USHBC Research is Published, Buzz About Bees Recap, Podcast Episode with Fall Creek


Topics in this issue of Behind the Blue:

New Health Research Supported by USHBC Is Published

American Heart Month has ended, but it’s always a good time to practice heart healthy habits, particularly with National Nutrition Month upon us. What better way to do that than by eating more fruit, like blueberries! A new USHBC-funded research study published in Food & Function found that eating blueberries on a daily basis for 12 weeks (consumed as 22 g/day of freeze-dried highbush blueberry powder, equivalent to one cup of fresh blueberries), improves endothelial function in postmenopausal women with elevated blood pressure or stage 1 hypertension. Endothelial function is important for healthy blood flow.

The results of this study are noteworthy due to the prevalence of endothelial dysfunction among postmenopausal women and its central role in cardiovascular disease, the leading cause of death in the U.S. and globally

“This is the first study of its kind assessing the effects of daily blueberry consumption on endothelial function and oxidative stress-mediated suppression of endothelial function in postmenopausal women with elevated blood pressure or hypertension,” noted Sarah A. Johnson, Ph.D., RDN, associate professor and director of the Functional Foods & Human Health Laboratory at Colorado State University, and the study’s lead investigator. “Blueberries are a source of polyphenols like anthocyanins, which are associated with heart health.”  

The study, supported by a grant from USHBC and funding from the U.S. Department of Agriculture, builds on previous research by Johnson and her team. The press release with full study details can be found here

USHBC funds studies that are grounded in sound science, use rigorous methodology, and are conducted by autonomous researchers at well-established institutions. Explore the full overview of research specifically funded by USHBC, and examine the body of evidence on blueberry science by visiting

There’s an increased focus on improving the health of bees – and rightfully so! Healthier honeybee hives can improve pollination and highbush blueberry yields. In the Buzz About Bees session at The Blueberry Convention last month, attendees heard from three innovative companies working to save the bees with technological advancements. 

Panelists included Itai Kanot, COO and head of beekeeping at BeeHero; Eliyah Radzyner, co-founder and head of produce at BeeWise; and Matias Viel, CEO and founder of Beeflow. The session was moderated by Steve Mantle, CEO and founder of 

What do these companies do? 

  • BeeHero: Provides precision pollination services to growers. They assign beehives to different parts of fields according to specific needs. They then monitor pollinator visitation to the buds/flowers with sound, and share this information to improve overall performance.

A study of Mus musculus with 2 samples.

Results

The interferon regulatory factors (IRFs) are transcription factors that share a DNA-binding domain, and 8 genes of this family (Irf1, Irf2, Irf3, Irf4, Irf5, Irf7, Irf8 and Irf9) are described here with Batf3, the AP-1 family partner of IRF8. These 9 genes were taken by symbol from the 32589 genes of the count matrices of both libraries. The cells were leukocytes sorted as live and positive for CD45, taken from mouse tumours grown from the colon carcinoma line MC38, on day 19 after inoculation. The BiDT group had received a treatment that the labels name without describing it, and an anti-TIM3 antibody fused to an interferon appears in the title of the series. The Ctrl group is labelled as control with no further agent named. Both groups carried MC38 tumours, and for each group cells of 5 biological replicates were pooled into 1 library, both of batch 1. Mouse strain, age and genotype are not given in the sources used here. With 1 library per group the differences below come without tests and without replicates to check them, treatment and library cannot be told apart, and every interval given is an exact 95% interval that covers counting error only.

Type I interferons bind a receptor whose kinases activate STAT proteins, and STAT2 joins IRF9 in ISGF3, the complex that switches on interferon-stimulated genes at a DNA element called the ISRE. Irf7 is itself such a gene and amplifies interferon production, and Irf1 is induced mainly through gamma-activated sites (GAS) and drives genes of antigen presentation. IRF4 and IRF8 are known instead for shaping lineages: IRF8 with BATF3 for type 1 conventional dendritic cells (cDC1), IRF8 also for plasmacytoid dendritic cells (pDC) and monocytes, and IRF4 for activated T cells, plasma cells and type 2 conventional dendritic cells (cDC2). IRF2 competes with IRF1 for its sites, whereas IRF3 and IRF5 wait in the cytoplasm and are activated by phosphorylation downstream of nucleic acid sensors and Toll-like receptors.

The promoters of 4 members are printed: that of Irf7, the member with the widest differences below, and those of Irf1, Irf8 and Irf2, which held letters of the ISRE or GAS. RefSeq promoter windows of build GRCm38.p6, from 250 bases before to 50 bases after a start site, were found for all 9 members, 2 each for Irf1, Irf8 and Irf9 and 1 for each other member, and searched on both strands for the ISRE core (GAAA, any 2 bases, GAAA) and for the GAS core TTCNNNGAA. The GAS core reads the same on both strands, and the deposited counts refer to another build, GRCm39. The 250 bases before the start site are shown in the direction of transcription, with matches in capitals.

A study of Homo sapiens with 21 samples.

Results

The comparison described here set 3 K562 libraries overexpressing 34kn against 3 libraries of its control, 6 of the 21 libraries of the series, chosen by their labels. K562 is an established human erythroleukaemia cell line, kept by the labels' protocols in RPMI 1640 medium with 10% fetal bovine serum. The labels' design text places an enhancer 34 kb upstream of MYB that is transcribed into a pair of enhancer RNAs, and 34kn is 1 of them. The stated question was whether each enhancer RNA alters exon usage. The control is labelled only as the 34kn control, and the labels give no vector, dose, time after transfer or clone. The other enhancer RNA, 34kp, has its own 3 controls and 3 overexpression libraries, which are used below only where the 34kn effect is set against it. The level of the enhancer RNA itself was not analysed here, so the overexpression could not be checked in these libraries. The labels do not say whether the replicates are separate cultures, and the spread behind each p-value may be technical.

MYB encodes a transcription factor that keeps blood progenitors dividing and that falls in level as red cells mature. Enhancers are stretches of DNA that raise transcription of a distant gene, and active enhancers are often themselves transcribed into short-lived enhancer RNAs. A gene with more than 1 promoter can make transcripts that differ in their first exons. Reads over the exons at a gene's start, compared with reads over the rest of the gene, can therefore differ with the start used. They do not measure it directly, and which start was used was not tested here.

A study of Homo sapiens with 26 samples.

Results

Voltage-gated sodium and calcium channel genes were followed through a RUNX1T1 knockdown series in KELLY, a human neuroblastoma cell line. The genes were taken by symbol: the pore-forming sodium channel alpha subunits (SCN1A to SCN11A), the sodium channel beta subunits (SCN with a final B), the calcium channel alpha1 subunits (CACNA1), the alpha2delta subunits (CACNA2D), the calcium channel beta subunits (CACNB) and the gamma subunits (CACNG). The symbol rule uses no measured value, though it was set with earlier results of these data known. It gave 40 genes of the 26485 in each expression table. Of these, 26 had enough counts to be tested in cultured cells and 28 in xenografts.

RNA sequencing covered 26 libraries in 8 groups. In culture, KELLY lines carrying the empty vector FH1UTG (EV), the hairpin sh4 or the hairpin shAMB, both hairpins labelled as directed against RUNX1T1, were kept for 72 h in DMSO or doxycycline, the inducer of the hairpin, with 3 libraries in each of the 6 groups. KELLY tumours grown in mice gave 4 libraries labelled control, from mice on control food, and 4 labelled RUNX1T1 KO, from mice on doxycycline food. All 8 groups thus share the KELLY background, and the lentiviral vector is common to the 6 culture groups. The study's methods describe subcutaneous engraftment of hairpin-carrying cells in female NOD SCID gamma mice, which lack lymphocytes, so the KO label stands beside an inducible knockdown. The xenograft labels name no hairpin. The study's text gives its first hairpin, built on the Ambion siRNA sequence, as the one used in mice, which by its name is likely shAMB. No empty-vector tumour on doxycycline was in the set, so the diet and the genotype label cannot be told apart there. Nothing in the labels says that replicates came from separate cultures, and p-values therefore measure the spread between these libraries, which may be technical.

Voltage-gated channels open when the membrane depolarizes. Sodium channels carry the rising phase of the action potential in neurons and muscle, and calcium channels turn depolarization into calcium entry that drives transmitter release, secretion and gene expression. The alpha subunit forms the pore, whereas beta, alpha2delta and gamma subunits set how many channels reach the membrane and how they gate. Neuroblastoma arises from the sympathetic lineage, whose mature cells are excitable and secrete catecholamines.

• BeeWise: Builds robotic hives to help beekeepers remotely manage their hives and act on data in real time. Beekeepers can instruct the robots what to do in the field, resulting in stronger, healthier hives that lead to better pollination for blueberries.
  • BeeFlow: Developed a platform of molecules to address pollination processes. To improve the difficult process of blueberry pollination, they focus on the attraction between bees and flowers, and feed bees a “scent” that conditions the bee’s memory to visit blueberry crops and flowers more frequently. Farmers hire BeeFlow to manage improvements in the pollination process, with a goal of increased yields. 

What are the issues related to honeybee losses, and how does new technology help?

  • Throughout the 1970s, annual honeybee colony loss was under 5%; as of 2021, it was closer to 45%. Session speakers noted that there’s no single cause behind colony losses (e.g., pesticides, urbanization, monocultures and disease), and no silver bullet to fix the problem. 
  • At a certain point in annual loss, the industry can’t maintain the honeybee population year to year. In Canada, for example, they’re bringing in new bees from Australia. 
  • Growing wildflowers and creating other habitats on blueberry farms is critical. Many growers are taking this step to help honeybees feed when blueberries aren’t in bloom. 

Although bee colony loss is a big challenge for the industry, experts and companies are working on solutions that will ultimately include multiple tools and technologies. 

Stay tuned for more detailed recaps of educational sessions in the weeks ahead!

ICYMI: Industry Leaders Share Vision of a World With Better Blueberries

In last week’s episode of “The Business of Blueberries” podcast, host Kasey Cronquist, USHBC president, was joined by co-CEOs Cort Brazelton and Oscar Verges of Fall Creek Nursery

Fall Creek is a blueberry farm and nursery with over 40 years of experience in blueberry breeding and successful variety introduction. They have built a global team of the finest breeders, researchers, propagators and nursery professionals, grower support technicians, sales and customer service experts and more.

In the episode, Brazelton and Verges weighed in on the state of blueberry genetics, where they see blueberry genetics heading, the blueberry industry as a whole, their support of the USHBC’s leadership development program and the potential Fall Creek sees for the future of blueberries. They also discuss the origin of the Fall Creek and their Sekoya platform, a B2B branded platform that provides unique opportunities to members. 

Listen to the full episode here, and don’t forget to subscribe to “The Business of Blueberries.”